The west African giant became free of its $30.4 billion debt on Friday.
  
The oil-rich, but poverty-wracked and unstable, country has managed to settle its debts without qualifying for the 100% relief under a combined debt-relief and buy-back scheme.

"The Central Bank of Nigeria has already given instructions to the relevant banks to effect the payment," said Dr Mansur Muhtar, head of Nigeria's Debt Management Office, announcing a final  transfer of $4.518 billion. 
     
The deal, under which the Paris Club of lending countries agreed to write off $18 billion in debt in exchange for an immediate repayment of the balance is seen as a victory for president Olusegun Obasanjo's troubled economic reform programme.
  
Critics

"Twelve billion dollars [repayments] in Nigeria would have gone a long way towards saving children, immunisation, healthcare,all kinds of  things"

Professor Jeffrey Sachs, critic

But it has been criticised by campaigners against Third World debt and by the Nigerian opposition, which accuses Obasanjo of squandering soaring oil revenues to curry favour with foreign powers while failing to help the poor.
        
But not everyone is convinced, however, that Africa's most populous nation got a good deal in its negotiations.
  
The Jubilee Debt Campaign, a pressure group, notes that the $12.4 billion that Nigeria has paid back over the past six months is more than the G8 club of rich nations will give away in debt  relief to poor countries over 10 years.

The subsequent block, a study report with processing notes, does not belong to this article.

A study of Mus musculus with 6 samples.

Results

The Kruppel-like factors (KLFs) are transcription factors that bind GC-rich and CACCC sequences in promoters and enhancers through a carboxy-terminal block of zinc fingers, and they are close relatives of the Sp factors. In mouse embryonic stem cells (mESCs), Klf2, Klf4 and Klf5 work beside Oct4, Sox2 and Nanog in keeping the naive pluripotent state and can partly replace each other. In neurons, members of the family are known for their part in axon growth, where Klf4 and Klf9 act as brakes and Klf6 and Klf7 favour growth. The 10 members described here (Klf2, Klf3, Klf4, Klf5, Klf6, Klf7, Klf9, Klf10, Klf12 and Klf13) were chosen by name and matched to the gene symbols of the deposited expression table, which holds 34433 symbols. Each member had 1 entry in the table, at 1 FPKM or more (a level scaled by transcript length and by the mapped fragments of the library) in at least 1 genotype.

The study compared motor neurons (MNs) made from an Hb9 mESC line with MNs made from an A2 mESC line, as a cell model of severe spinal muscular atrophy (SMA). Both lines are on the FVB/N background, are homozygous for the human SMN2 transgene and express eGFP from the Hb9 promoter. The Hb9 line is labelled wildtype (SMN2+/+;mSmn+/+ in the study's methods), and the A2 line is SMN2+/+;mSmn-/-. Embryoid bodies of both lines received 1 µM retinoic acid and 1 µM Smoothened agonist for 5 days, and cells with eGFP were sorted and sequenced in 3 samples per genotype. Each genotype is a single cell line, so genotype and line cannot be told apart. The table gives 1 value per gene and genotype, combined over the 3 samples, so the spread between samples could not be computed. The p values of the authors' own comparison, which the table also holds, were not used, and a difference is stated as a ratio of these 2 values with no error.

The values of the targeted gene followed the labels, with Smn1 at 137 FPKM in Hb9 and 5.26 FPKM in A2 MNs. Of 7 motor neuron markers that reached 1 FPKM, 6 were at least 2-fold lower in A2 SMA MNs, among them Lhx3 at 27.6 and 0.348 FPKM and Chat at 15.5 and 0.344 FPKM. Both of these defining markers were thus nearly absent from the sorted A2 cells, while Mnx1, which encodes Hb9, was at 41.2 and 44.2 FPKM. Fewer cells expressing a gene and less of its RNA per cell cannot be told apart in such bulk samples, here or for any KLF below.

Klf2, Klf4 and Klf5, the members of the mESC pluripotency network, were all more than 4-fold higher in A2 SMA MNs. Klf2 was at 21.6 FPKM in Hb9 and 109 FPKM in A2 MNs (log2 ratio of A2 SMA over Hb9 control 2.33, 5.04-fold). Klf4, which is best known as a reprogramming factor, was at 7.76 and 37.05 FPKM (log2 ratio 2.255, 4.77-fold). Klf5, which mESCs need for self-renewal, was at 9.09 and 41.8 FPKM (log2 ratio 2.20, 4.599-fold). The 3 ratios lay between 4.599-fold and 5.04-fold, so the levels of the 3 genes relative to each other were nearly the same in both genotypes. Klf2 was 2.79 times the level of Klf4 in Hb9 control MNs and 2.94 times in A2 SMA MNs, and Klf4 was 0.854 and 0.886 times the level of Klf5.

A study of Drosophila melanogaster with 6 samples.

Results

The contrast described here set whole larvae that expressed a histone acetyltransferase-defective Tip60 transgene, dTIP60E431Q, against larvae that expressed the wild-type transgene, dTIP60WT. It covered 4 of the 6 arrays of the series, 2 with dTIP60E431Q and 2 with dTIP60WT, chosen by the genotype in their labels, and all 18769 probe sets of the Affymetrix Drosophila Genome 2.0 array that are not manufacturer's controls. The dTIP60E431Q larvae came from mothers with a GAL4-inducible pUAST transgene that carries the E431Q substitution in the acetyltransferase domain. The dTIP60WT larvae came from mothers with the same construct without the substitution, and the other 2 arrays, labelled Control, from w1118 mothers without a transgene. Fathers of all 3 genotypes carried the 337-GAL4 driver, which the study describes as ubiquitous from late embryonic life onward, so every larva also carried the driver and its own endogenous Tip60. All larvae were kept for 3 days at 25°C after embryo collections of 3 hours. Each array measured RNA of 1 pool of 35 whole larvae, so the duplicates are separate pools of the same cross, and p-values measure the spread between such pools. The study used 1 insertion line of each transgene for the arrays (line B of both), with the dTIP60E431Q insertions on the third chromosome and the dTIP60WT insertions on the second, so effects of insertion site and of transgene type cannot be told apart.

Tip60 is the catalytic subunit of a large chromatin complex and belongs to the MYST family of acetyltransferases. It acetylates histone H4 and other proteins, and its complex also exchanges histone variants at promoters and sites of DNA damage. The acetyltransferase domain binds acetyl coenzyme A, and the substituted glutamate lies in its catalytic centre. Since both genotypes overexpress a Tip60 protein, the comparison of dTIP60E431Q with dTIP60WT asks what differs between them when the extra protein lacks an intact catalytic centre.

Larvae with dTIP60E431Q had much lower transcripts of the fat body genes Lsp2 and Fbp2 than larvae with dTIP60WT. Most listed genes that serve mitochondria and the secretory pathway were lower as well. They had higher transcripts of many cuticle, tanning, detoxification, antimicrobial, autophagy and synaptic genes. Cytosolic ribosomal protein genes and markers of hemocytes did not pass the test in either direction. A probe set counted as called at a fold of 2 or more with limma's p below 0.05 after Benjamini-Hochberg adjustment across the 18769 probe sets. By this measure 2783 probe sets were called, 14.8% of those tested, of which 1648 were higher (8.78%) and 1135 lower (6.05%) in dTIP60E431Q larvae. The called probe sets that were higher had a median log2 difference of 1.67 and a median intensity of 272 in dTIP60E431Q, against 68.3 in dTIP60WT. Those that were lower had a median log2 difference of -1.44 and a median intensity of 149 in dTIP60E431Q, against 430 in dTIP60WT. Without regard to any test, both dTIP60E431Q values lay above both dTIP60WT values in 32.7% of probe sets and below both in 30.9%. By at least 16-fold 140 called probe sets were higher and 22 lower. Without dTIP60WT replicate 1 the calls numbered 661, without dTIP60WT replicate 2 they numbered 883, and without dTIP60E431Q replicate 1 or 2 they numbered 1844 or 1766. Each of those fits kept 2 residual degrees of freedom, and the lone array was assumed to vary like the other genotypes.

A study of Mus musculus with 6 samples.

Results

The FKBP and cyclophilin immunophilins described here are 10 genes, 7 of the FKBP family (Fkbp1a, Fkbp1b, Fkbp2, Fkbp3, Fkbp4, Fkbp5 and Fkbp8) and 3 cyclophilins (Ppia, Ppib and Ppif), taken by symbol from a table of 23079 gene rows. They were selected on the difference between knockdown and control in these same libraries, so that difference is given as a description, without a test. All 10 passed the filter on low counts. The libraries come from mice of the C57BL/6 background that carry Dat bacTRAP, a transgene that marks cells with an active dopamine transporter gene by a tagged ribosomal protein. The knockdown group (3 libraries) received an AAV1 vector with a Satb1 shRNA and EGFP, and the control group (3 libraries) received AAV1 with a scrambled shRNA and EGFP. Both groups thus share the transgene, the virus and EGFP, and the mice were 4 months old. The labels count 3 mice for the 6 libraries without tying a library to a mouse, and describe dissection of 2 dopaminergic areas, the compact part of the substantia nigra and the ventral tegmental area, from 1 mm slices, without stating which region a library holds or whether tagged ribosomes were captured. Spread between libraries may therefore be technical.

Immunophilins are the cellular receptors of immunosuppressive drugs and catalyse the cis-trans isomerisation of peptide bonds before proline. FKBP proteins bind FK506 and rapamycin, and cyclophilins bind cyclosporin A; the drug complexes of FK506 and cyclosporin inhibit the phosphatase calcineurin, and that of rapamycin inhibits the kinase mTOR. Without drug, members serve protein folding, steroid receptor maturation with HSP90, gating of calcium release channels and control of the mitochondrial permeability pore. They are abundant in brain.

"Twelve billion dollars in Nigeria would have gone a long way towards saving children, immunisation, healthcare, all kinds of  things," Professor Jeffrey Sachs, director of the UN Millennium  Project, told British lawmakers last year.
  
Bad deal?

"But the donors got greedy. They said, 'Take the oil revenue that you have responsibly been saving up, and instead of investing it in your needs, give it to us'," Sachs complained.
  
Nigeria is Africa's biggest oil exporter, shipping some 2.6  million barrels of crude to the industrialised West every day; but  decades of corrupt misrule have left three-quarters of its 130 million people living in abject poverty.The World Bank says 75% of Nigerians live on less than a dollar per day
  
Obasanjo's economic reform programme has coincided with rocketing world oil prices and his government is now sitting on  top of $34.3 billion in foreign reserves, despite having  repaid its Paris Club debts. It still owes five billion dollars to private lenders.